For the 31st consecutive year, I was not asked to give any commencement speeches. I somewhat understand why the Class of ’83 didn’t ask me—most newborns are not gifted public speakers—but the other 30 years of graduating classes have no excuse. However, I like to be prepared, so here’s the commencement speech no one asked me to give.
Before I started writing this, I thought I knew what I was going to say. I was going to reveal the harsh truths of the world via razor sharp wit, blistering social commentary and memorably colorful metaphors. When I sat down to write, I found myself thinking “yeah, I’m going to nail this!” which is usually the thought I have right before I decide I have no fucking clue what I’m doing.
I believe more and more that harsh truths—unlike empirical truths such as “Once you pop you can’t stop” and “Ruffles have ridges” —are subjective, making it pointless to share mine with such a vast and unknown audience.
I do not know your circumstances and prediction is an ugly business, so I will not recount for you the ways in which we ruined everything before you got here. I will not tell you that we took all the jobs and someone’s been hoarding all the money, because there is a chance that you know the right people or there’s something about you the right people will try to exploit. So I will not tell all of you that you’re fucked. Some of you are, but you’ll find out soon enough. It’s a harsh truth.
I will say this: the most important thing I’ve learned is that there are some things you can only learn from experience. Unfortunately, this is a fact you can only learn from experience. I can tell you it all day, but you won’t believe it until you see it in action. I tell it to you now just in case I’m wrong.
“Learning from experience” is a nice way of saying “making mistakes.” It’s important to make mistakes, because we learn so much when things go wrong. It’s common to become more cautious as you get older, which is good in some cases—binge drinking, petty crime, BMX stunts—but detrimental in others, like failure. Don’t be afraid of failure. Don’t be afraid of mistakes. Why else would pencils have erasers, right?
I’ll tell you why. Pencils have erasers because all of the pencil manufacturers are in the pocket of Big Eraser.
But that is the least interesting aspect of the eraser story. Prior to the 18th century invention—or more accurately, discovery—of the rubber eraser, people used stale bread to erase their mistakes. This led hungry students to either make fewer mistakes or develop a taste for pencil lead.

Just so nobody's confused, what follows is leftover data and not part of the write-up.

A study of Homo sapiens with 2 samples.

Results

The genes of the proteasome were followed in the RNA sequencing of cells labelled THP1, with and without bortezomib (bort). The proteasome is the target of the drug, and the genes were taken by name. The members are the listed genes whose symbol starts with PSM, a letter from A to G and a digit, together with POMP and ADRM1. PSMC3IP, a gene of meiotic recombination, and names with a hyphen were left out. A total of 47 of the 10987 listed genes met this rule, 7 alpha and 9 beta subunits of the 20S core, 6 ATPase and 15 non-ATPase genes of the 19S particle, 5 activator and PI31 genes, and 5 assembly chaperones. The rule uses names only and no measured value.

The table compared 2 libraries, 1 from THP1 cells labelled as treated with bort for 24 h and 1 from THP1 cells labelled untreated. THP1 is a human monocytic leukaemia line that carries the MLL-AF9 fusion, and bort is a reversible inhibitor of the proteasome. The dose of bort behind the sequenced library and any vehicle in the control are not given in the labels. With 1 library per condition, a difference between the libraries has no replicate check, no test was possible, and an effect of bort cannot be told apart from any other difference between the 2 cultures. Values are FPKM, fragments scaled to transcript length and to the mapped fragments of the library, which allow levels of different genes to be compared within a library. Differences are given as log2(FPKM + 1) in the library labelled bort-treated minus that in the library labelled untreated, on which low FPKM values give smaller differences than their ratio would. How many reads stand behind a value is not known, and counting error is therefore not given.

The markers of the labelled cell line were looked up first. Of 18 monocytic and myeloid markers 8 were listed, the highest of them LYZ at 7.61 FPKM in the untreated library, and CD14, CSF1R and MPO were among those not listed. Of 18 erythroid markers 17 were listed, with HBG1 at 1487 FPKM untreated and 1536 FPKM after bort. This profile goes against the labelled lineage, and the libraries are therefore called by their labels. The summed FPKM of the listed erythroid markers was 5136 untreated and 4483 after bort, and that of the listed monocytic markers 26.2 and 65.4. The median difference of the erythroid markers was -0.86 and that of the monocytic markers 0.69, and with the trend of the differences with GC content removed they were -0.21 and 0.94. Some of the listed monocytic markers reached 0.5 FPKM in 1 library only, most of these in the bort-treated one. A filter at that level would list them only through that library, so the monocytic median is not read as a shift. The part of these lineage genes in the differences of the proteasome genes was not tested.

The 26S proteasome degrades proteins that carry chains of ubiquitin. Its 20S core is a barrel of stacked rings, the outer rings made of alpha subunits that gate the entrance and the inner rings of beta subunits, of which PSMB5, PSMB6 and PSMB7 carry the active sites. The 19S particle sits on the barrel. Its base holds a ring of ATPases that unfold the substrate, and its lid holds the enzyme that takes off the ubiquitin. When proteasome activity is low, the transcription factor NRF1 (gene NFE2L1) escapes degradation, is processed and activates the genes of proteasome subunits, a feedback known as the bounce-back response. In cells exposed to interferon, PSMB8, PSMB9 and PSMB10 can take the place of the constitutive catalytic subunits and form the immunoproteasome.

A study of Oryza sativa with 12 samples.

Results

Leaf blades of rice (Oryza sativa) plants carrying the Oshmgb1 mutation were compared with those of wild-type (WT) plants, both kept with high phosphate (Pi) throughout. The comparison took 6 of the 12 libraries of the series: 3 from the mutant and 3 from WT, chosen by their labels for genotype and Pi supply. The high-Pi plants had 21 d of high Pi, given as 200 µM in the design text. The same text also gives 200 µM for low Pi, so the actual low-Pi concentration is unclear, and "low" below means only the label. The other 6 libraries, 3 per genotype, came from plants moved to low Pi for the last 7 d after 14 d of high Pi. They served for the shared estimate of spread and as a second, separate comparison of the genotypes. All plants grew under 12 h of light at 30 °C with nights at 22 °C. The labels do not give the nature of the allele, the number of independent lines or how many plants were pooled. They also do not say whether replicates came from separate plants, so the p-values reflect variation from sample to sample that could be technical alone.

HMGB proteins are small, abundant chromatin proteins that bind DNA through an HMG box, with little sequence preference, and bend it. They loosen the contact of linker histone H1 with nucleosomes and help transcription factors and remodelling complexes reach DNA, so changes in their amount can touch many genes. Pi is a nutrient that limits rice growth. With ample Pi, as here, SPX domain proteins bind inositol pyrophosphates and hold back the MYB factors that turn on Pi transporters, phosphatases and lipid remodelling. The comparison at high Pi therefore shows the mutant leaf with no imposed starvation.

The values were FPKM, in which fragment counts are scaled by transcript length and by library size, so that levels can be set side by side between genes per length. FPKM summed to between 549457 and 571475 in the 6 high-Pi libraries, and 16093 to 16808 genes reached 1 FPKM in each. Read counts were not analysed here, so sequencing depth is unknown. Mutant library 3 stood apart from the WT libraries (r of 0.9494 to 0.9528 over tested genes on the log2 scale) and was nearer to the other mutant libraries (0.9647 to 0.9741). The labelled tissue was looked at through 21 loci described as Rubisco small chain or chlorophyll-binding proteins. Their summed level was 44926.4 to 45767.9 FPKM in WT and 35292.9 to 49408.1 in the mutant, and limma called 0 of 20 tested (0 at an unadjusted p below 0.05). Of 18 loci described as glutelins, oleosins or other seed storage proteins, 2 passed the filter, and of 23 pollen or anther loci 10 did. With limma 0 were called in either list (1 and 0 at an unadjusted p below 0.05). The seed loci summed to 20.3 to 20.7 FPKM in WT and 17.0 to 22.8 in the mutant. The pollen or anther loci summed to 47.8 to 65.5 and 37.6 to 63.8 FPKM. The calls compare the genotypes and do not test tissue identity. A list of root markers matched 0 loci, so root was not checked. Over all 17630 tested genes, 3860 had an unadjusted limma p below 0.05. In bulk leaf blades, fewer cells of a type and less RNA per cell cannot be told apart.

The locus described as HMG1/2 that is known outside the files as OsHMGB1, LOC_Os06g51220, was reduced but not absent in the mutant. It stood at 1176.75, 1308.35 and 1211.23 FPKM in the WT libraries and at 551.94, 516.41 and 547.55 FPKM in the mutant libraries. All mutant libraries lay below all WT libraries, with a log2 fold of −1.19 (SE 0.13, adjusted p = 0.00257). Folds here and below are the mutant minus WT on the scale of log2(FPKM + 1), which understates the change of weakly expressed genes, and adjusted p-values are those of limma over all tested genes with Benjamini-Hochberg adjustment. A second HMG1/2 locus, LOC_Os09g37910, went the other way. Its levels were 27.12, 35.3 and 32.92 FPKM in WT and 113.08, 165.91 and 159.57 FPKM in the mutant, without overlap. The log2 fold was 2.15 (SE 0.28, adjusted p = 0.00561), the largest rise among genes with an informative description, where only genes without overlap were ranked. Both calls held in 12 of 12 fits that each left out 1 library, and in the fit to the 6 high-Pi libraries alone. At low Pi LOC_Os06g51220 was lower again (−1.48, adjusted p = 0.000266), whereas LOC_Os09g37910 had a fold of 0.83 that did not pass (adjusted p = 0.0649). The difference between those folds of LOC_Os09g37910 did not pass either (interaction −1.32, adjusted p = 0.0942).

In 1770, a mathematical supply store changed things by selling natural rubber for the purposes of removing pencil from paper. The story goes that the proprietor reached for his erasing bread, but accidentally picked up some natural rubber he had laying around. Finding it to be comparable to stale bread in erasing power—if not taste—he started stocking it in his store and charging exorbitant prices for his luxury erasers.
That man’s name was Edward Nairne.
But it wasn’t until the development of vulcanization that rubber erasers became a hot item. Vulcanization was developed concurrently by two gentlemen: one British, the other American. The American hit upon the idea first, but didn’t get his American patent until three weeks after the Brit got his British patent. Through the process of a fair trial, it was determined that no intellectual chicanery was afoot; both men just happened to have similar ideas at the same time.
The Brit’s name was Thomas Hancock. The American’s name was Charles Goodyear.
Edward Nairne, the man who started this rubber ball bouncing, did more than pick up the wrong thing while writing. He also invented the first Marine Barometer. But the sum of his accomplishments was not enough to get his name on a blimp.
Thomas Hancock eventually developed a process for using rubber to create synthetic leather. He also had the misfortune to share a surname with the man who signed the living shit out of the Declaration of Independence. He didn’t get a blimp.
Charles Goodyear went into massive debt creating rubber rooms for world’s fairs. His 1855 exhibit at the Exhibition Universelle in Paris earned him both a medal from Napolean III and a trip to debtor’s prison. His name is on a blimp.
It’s worth noting that he did not found the Goodyear Tire and Rubber Company. In fact, at the point that the Goodyear company became a thing, the Goodyear man had been dead for about 38 years.
Nairne, Hancock and Goodyear–three men were involved with an invention almost everyone since has used. One is completely forgotten, one is overshadowed by a man who made a great King George joke at the right time and one is now known for providing overhead shots of football games.
Never do anything under the pretense that you will be remembered for it. You won’t be. If the thing you do is extraordinary, it might be remembered, but you won’t be. If you’re lucky and your name is the snappy type that looks good on a blimp, some company may exploit it for their own means, years after you’ve died in debtor’s prison. Remembrance is not a goal. Do things because you can’t imagine not doing them. Do things because they will fund the things you’d rather be doing. Do things because everyone told you that you couldn’t. Do things because no one else is doing them right. Just don’t do them to be remembered.
Congratulations on your book learning.